It is Mrs. Higgins' at-home day, and she is greatly displeased when Henry Higgins shows up suddenly, for she knows from experience that he is too eccentric to be presentable in front of the sort of respectable company she is expecting. He explains to her that he wants to bring the experiment subject on whom he has been working for some months to her at-home, and explains the bet that he has made with Pickering. Mrs. Higgins is not pleased about this unsolicited visit from a common flower girl, but she has no time to oppose before Mrs. and Miss Eynsford Hill (the mother and daughter from the first scene) are shown into the parlor by the parlor-maid. Colonel Pickering enters soon after, followed by Freddy Eynsford Hill, the hapless son from Covent Garden.

Higgins is about to really offend the company with a theory that they are all savages who know nothing about being civilized when Eliza is announced. She makes quite an impact on everyone with her studied grace and pedantic speech. Everything promises to go well until Mrs. Eynsford Hill brings up the subject of influenza, which causes Eliza to launch into the topic of her aunt, who supposedly died of influenza. In her excitement, her old accent, along with shocking facts such as her father's alcoholism, slip out. Freddy thinks that she is merely affecting "the new small talk," and is dazzled by how well she does it. He is obviously infatuated with her. When Eliza gets up to leave, he offers to walk her but she exclaims, "Walk! Not bloody likely. I am going in a taxi." The Mrs. Eynsford Hill leave immediately after. Clara, Miss Eynsford Hill, is taken with Eliza, and tries to imitate her speech.

After the guests leave, Mrs. Higgins chides Higgins. She says there is no way Eliza will become presentable as long as she lives with the constantly-swearing Higgins. She demands to know the precise conditions under which Eliza is living with the two old bachelors. She is prompted to say, "You certainly are a pretty pair of babies, playing with your live doll," which is only the first of a series of such criticisms she makes of Higgins and Pickering. They assail her simultaneously with accounts of Eliza's improvement until she must quiet them. She tries to explain to them that there will be a problem of what to do with Eliza once everything is over, but the two men pay no heed. They take their leave, and Mrs. Higgins is left exasperated by the "infinite stupidity" of "men! men!! men!!!"


In this, Eliza's first debut and debacle, we are shown that just speaking correctly is not enough to pass a flower girl off as a duchess. As Higgins knows, "You see, I've got her pronunciation all right; but you have to consider not only how a girl pronounces, but what she pronounces." Mrs. Higgins puts it succinctly with the line, "She's a triumph of your art and of her dressmaker's; but if you suppose for a moment that she doesn't give herself away in every sentence she utters, you must be perfectly cracked about her." In other words, there are aspects to a person that are susceptible to change or improvement, but these cannot override those aspects that are innate to that person, which will surface despite the best grooming.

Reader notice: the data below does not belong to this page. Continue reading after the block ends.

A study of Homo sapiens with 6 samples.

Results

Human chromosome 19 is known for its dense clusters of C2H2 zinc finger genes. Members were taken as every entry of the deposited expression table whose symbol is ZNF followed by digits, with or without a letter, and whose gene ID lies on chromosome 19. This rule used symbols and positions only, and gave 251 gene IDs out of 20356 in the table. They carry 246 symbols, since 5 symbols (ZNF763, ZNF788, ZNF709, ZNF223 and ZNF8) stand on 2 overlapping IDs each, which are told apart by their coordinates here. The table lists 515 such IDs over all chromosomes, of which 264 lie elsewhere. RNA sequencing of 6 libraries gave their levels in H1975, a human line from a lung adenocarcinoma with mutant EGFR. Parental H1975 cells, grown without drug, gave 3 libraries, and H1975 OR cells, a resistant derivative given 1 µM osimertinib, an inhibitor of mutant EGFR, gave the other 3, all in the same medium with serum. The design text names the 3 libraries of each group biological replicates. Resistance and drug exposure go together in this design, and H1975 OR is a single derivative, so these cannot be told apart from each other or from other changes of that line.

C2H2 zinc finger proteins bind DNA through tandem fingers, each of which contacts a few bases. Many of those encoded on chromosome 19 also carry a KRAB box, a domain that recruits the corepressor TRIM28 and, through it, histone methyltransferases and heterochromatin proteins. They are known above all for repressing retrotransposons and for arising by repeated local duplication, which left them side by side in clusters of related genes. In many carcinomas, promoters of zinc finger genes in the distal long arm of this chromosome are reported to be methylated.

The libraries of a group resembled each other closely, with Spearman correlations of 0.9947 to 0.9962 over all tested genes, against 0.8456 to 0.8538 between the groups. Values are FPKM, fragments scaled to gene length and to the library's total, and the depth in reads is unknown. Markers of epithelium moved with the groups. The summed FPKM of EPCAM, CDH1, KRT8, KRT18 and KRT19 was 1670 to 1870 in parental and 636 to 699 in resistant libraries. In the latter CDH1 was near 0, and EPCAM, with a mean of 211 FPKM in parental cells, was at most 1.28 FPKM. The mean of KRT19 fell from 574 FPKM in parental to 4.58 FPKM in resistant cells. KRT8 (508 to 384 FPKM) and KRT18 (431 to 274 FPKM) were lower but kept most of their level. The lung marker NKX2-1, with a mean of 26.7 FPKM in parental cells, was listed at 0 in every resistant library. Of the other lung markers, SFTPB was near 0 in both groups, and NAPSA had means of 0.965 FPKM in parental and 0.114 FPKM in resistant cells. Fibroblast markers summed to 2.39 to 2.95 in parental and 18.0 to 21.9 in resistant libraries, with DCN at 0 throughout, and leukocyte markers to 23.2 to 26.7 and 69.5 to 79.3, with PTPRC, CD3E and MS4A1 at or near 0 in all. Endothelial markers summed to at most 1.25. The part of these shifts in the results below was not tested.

While it may seem that this is the act in which Eliza is exposed for what she is, just about all the other characters are shown up in the process. Pickering and Higgins are an example. After they have been shown to be the undoubted masters of their (phonetic) dominion, lording it over Eliza, here, in Mrs. Higgins' feminine environment, they come across more like over-enthusiastic, ineffective little boys than mature men of science. Mrs. Higgins repeatedly rebukes Higgins for his lack of manners, his surly behavior toward her guests, and for his klutzy habit of stumbling into furniture, and is very reluctant to have him in front of company. This act also reveals middle class civility for what it really is--something dull and uninspiring. Mrs. Higgins' at-home turns out to be an unexciting conversation determinedly choked full with "how do you do's" and "goodbye's," with barely anything interesting said in between. In fact, the only time something is said with any spirit is when Eliza forgets herself and slips back into her normal manner of speaking. Clara Eynsford Hill, for example, is shown to be a useless wannabe with no character of her own (quite in contrast to the feisty and opinionated Eliza). So unremarkable is the mother-son-daughter threesome of the Eynsford Hills that Higgins cannot recall where he has met them (at Covent Garden, in the first act) until halfway through this act. He can only tell that their voices are familiar, suggesting that all they have to recommend them is their accents, and nothing else. If staged well, this act can expose the clumsiness and vapidity of polite Victorian society, causing us to question if the making of a duchess out of a flower girl is really doing her a favor.

We get another indication in this act that Higgins is incapable of being the romantic hero of the play. We see that when he says to this mother, "My idea of a lovable woman is somebody as like you as possible. I shall never get into the way of seriously liking young women: some habits lie too deep to be changed." The irony is that even though he has no doubt that he can transform Eliza, he takes it as a given that there are natural traits in himself that cannot be changed.